Alternative Fuels Weekly Roundup


Shore Power Implementation in EU Ports

The FuelEU Maritime regulation mandates that from 2030, passenger and container ships must connect to shore power when docked for over two hours in European ports within the trans-European transport network (TEN-T). While some ports, such as Hamburg and Bergen, have made progress, the overall availability of shore power remains low. Currently, only 118 shore power facilities are operational worldwide, with 107 in the EU and just 15 within the TEN-T network, indicating a significant shortfall in meeting future demands.

Green Ammonia Initiatives

Australia and India are making strides in green ammonia production. Hexagon Energy Materials and Oceania Marine Energy plan to establish an ammonia bunkering facility in Pilbara, Western Australia. Additionally, Yara Clean Ammonia has agreed to procure up to 1 million mt/year of green ammonia from India’s AM Green, with plans to supply various sectors, including shipping, from 2027. These developments highlight green ammonia’s growing role in the future of maritime fuels.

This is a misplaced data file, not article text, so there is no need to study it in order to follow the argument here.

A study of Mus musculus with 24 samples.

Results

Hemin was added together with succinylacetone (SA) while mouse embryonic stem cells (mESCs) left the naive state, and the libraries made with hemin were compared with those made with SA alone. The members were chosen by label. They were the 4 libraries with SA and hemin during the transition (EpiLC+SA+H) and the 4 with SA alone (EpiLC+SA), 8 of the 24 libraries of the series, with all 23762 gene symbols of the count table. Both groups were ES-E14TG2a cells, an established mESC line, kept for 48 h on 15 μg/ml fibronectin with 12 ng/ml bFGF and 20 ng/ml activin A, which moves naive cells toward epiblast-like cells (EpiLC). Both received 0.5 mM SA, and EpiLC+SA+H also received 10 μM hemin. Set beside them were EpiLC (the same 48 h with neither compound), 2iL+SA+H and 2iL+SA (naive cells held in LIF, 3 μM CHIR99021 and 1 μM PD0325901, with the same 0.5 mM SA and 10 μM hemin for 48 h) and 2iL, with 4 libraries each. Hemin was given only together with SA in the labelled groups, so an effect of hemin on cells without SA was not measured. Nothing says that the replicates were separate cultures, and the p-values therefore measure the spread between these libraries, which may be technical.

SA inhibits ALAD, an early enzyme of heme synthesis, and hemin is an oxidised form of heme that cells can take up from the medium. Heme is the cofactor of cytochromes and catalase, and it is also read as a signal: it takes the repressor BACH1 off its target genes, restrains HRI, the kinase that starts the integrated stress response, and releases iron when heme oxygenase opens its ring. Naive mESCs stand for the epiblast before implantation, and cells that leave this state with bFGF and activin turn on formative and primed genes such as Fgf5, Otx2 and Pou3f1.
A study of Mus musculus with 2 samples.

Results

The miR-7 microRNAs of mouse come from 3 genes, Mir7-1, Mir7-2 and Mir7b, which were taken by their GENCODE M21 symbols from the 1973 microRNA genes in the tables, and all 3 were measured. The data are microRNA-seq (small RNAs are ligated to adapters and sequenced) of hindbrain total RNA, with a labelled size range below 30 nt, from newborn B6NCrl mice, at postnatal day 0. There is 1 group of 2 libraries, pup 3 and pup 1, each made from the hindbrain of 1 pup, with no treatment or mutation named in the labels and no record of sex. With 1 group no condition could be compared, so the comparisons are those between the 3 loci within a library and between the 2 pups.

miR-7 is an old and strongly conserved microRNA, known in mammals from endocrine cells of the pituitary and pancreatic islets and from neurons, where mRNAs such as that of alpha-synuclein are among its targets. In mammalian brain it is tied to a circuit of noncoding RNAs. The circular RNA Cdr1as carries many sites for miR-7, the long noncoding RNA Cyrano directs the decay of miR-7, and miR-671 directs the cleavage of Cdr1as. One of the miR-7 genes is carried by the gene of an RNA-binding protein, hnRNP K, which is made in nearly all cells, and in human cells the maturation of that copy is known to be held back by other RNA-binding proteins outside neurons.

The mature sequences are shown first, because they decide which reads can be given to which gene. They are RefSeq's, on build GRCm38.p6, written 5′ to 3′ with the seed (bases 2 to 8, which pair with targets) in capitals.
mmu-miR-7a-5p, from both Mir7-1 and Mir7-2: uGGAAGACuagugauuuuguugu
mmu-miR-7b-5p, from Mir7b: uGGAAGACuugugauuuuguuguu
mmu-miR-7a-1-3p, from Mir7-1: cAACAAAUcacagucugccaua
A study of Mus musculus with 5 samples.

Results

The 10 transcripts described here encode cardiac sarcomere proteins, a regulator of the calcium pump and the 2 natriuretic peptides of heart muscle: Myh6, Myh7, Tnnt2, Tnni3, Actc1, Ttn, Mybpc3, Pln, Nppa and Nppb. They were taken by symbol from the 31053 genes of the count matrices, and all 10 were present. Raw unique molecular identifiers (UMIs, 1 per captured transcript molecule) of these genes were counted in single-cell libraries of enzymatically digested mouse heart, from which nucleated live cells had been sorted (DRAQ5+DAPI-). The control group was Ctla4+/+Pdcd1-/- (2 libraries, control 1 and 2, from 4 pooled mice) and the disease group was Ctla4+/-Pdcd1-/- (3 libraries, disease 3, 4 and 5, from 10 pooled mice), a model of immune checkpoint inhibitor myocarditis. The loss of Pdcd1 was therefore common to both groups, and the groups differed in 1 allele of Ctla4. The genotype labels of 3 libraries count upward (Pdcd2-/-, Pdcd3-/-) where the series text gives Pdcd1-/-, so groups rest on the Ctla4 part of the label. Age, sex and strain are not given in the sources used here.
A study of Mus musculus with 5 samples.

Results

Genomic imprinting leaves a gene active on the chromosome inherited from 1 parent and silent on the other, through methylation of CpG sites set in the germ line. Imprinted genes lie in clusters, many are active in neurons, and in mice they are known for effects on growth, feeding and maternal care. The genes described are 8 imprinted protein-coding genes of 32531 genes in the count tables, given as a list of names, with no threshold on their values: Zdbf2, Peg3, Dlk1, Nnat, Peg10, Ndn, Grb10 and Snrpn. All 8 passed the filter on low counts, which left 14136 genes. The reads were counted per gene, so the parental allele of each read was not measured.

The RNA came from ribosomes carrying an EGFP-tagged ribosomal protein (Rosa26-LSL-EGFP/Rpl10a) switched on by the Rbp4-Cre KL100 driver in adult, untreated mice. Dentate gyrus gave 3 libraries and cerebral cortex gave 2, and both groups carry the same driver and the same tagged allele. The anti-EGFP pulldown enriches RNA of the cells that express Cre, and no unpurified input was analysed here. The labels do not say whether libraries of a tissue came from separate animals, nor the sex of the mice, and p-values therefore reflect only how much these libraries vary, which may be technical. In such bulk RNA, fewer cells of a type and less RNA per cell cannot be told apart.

Advancements in Dual-Fuel Technology

The Port of Antwerp-Bruges has launched a dual-fuel tugboat capable of operating on methanol and conventional fuels, while Japan’s NS United Kaiun Kaisha has ordered a dual-fuel methanol-capable bulk carrier set for delivery by 2027. Bunker Holding and SyntexNRG aim to produce and supply green methanol by early 2027.

Furthermore, NYK Line is exploring the design of a biogas-powered cargo ship equipped with an onboard biomass fuel plant, targeting deployment by 2029. These innovations demonstrate a commitment to diversifying fuel sources and reducing carbon emissions in shipping. These measures significantly improve vessel safety and reliability.